You are perusing an article from the archives. Lately, we have gone through major updates. Therefore, it is possible that you will experience minor quirks in layout when reading older articles. To provide you an improved reading experience, we have started to clean our pearls from the past. Just keep reading.
I‘ve heard it too many times.
“Immigrants come here and steal our jobs.”
There always seems to be someone uttering this statement in discussions, or pounding it on the keyboard in forums – wherever the topic touches immigration.
Now, two researchers have proven otherwise.
In a new study, ‘Immigrants’ Effect on Native Workers: New Analysis on Longitudinal Data’ by Mette Foged and Giovanni Peri, Foged, a researcher from the University of Copenhagen, and Peri, her counterpart from the University of California, examine the labour market outcomes of low-skilled natives in response to massive inflows of immigrants to Denmark during the period 1991-2008.
The Danish immigration policy provides an ideal setting for the study because in between 1986 and 1998, refugees were distributed across municipalities independently of the economic characteristics and preferences of the refugees. They were spread across the country based only on information on their nationality and family size. This outruled any kind of favouritism towards certain locations or jobs.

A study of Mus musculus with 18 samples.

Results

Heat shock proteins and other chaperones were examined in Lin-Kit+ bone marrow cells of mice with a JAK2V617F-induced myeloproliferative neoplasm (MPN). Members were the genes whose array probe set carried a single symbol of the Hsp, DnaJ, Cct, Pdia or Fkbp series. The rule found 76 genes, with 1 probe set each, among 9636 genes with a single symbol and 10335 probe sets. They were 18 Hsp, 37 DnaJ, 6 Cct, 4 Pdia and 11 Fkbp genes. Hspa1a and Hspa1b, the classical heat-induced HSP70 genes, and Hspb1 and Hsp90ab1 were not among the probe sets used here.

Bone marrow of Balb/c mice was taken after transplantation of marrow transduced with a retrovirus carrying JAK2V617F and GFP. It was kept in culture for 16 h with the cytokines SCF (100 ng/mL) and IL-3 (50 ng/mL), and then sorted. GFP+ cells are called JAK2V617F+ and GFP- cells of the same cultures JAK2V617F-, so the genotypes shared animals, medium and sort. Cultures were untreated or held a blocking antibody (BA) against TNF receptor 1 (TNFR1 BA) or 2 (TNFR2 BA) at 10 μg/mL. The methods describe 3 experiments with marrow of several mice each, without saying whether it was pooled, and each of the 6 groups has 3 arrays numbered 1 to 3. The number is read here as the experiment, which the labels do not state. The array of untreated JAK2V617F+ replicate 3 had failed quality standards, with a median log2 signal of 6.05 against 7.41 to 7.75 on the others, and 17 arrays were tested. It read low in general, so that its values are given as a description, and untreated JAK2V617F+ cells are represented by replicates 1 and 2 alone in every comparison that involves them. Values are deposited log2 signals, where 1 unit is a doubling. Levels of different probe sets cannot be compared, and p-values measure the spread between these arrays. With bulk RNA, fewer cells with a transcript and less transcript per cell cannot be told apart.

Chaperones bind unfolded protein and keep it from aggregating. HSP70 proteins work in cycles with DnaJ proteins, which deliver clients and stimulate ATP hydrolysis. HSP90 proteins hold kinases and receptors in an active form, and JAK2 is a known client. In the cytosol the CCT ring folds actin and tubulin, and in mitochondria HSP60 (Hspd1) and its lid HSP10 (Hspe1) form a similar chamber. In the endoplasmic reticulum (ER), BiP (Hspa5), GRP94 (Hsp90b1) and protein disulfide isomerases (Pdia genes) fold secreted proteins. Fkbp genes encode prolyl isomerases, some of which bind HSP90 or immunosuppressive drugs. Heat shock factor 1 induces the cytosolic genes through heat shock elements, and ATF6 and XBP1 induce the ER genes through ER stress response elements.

Clusters of refugees from specific countries in specific municipalities were generated based on their time of arrival and availability of housing. These clusters were completely uncorrelated to the labour market conditions of the municipalities and to the economic characteristics of the immigrants.
The immigrants, due to their lower education and the lack of skills in Danish, were occupied mostly in manual labour.
In their analysis, Foged and Peri tested how non-college educated native workers responded to an increase of the refugee-country immigrants.
“We find that, especially for native workers who moved across establishments, refugee-country immigrants spurred significant occupational mobility and increased specialisation into complex jobs, using more intensively analytical and communication skills and less intensively manual skills,” the study says.
In addition, “this upgrade to less manual intensive and more complex jobs was accompanied by a significant wage increase.”
So, not only did the native Danish workers receive a promotion, but also an increase in their salary!
“Overall, our study finds that a labour market that encourages occupational mobility and allows low-skilled immigrants can generate an effective mechanism to produce upward wage and skill mobility of less educated natives, especially the young and low tenure ones,” the study concludes.